THE MESSERSCHMITT BF109 - A MENACING MACHINE
The Messerschmitt BF109 (often called the ME109) was designed by Willy Messerschmitt and Robert Lusser of Bayerische Flugzeugwerke (BFW) - later to become Messerschmitt AG.
The aircraft first flew in 1935 ironically powered by a Rolls Royce Kestrel engine as the intended Jumo engine was not ready. It was designed specifically to take part in a Luftwaffe competition to select a new fighter aircraft as Germany rearmed in contravention of the treaty of Versailles.
Technically advanced, it won the competition by some margin; it would take Focke Wulf, one of the rival companies, until 1941 to catch up and arguably surpass the ME109 with the Focke Wulf 190.
The all metal monocoque design had many innovative features including two large magnesium alloy forgings that held the engine and the undercarriage, meaning that the lightly constructed wings did not have to carry landing loads and could easily be removed for transport or repair. This feature, although efficient, left the undercarriage with a distinctive narrow “splayed” track, resulting in poor stability whilst landing and taxiing, killing or injuring many German pilots. The ME109 was continually developed during the entirety of the war with nearly 34,000 built, more than any other fighter in history.
This kit is designed for you to build a traditionally constructed, rubber powered, free flight model of a Daimler Benz powered ME109E (Emil). ME109Es were painted in a myriad of schemes, most of which were complicated and not in block colours and would be difficult to achieve with a rubber powered scale model such as this. Therefore, the kit is provided with the materials (other than paints) to complete a simple block colour scheme to capture the spirit of the aircraft as would have fought in The Battle of Britain. Alternatively, you can decide to do your own favourite or more complicated scheme if you wish.
Construction of the model from this kit uses the traditional method of "stick and tissue", that consists of a built up balsa wood skeleton (framework), covered with a tissue skin. The balsa frameworks are built over a plan that is printed at the exact scale of the model, which is in essence a real engineering drawing.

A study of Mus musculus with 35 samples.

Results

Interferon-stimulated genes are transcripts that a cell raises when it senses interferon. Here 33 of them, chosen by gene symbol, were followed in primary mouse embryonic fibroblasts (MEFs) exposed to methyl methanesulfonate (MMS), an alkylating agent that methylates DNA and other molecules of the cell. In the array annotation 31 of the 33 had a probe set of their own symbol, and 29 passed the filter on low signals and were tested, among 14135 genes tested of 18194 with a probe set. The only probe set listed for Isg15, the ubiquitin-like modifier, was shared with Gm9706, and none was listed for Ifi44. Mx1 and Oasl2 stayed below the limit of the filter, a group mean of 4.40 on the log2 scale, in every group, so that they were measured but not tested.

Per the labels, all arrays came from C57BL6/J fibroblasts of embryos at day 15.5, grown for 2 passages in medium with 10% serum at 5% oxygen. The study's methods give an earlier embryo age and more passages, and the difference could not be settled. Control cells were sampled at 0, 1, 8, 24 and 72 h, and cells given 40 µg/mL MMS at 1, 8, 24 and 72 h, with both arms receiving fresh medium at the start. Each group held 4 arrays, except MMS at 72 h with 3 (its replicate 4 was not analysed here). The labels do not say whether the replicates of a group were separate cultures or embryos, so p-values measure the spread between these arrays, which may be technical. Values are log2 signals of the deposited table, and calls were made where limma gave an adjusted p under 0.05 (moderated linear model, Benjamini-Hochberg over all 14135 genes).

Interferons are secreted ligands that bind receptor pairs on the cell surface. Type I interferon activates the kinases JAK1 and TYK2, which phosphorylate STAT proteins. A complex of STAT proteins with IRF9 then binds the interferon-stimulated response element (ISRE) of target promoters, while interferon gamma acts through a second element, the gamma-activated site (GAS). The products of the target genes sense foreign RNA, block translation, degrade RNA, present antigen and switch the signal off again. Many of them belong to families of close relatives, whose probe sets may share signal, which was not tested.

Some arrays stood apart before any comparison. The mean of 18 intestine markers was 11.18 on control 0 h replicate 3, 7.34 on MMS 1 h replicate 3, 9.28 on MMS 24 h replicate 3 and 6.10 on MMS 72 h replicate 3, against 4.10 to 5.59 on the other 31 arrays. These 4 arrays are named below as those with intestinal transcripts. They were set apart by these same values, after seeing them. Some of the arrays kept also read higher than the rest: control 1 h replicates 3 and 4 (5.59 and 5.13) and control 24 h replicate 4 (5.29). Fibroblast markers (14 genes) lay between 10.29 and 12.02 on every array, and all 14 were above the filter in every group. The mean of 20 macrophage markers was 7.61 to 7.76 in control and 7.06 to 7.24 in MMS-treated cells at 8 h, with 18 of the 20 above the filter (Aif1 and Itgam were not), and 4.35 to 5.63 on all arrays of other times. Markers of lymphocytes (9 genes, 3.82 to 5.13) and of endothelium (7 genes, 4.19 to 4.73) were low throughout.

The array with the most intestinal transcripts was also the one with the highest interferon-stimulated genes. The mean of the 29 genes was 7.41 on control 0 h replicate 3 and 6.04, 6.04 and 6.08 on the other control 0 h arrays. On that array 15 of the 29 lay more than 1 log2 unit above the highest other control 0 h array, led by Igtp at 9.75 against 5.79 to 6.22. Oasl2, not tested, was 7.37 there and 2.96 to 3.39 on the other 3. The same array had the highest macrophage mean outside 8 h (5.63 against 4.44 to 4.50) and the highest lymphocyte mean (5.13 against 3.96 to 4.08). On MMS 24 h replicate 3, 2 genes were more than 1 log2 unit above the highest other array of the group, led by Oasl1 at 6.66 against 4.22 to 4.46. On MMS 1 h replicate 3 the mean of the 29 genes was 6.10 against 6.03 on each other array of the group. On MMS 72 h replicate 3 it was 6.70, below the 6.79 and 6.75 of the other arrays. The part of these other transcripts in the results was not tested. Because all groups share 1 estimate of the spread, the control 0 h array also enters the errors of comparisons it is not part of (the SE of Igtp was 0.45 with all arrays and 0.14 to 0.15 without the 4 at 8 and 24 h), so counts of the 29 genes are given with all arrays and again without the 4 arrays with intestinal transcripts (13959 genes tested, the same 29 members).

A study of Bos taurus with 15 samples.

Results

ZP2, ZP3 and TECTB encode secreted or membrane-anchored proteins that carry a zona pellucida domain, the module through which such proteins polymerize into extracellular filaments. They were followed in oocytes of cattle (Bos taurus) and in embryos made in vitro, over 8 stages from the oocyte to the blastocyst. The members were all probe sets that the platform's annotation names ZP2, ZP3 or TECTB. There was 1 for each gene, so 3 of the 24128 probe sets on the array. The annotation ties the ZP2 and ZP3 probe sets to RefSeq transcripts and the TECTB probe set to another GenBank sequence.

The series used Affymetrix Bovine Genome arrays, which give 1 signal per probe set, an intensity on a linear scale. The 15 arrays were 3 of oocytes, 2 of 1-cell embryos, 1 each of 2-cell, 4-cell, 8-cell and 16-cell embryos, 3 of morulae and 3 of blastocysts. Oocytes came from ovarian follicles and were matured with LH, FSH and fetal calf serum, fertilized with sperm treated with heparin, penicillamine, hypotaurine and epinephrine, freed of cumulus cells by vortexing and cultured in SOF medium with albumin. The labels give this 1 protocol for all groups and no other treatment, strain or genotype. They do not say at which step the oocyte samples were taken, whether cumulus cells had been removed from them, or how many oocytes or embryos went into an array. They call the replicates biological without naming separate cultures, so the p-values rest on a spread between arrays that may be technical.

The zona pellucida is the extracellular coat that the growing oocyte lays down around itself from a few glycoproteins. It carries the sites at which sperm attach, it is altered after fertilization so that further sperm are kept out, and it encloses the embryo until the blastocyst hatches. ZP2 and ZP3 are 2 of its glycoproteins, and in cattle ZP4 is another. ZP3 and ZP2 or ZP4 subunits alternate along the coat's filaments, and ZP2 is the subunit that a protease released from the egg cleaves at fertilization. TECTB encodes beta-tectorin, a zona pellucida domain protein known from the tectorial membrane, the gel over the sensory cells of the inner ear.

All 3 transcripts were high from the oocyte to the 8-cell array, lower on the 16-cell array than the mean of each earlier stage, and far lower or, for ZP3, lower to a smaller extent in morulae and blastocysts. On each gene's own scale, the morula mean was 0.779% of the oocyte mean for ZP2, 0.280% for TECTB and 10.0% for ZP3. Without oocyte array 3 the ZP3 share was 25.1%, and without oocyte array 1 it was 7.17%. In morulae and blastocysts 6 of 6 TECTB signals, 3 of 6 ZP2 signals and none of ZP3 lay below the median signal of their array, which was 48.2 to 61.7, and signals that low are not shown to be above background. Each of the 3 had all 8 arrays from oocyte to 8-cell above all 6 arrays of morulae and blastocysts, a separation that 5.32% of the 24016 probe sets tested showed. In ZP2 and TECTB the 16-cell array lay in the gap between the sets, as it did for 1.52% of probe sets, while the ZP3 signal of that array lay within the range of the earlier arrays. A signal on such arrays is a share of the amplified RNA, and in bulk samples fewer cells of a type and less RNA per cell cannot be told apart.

Power is provided by rubber strip motor that is wound up before flight. Free flight means just that - once the model is launched, it is on its own. It must follow a predetermined flight path established when the model is initially adjusted for flight or "trimmed".
This type of traditional building technique and flying requires a degree of patience and skill, but is extremely rewarding.
Typically for a small model and in the spirit of the traditional kits, profiles are simplified and adjusted from the original and a relatively large propeller is used. This is done so that the model is light and stable enough to fly on its own, is simple in construction and can work with the rubber motor. These adjustments have been done with care and sensitivity so that the shape and spirit of the original aircraft is preserved as much as possible.
Also in the spirit of the traditional kits, additional items required to build the model are things that can be found in the kitchen drawer or are easily available on the high street.
Three balsa sheets with precise laser cut parts and strip wood.
PVA glue for building the wooden frames.
One 150mm diameter plastic propeller.
One pre-bent motor hook and shaft.
Three low friction plastic nose bushings - one for the propeller and two for the undercarriage wheels.
One vacuum formed canopy and spinner.
Piano wire for the main undercarriage and tail wheel legs.
One motor peg (cocktail stick or toothpick).
Rubber motor strip.
Tissue to cover the model.
Parts reference sheet (W), full size summary plan sheet (X), scheme diagram sheet (Y) and scheme markings (Z) printed on lightweight paper.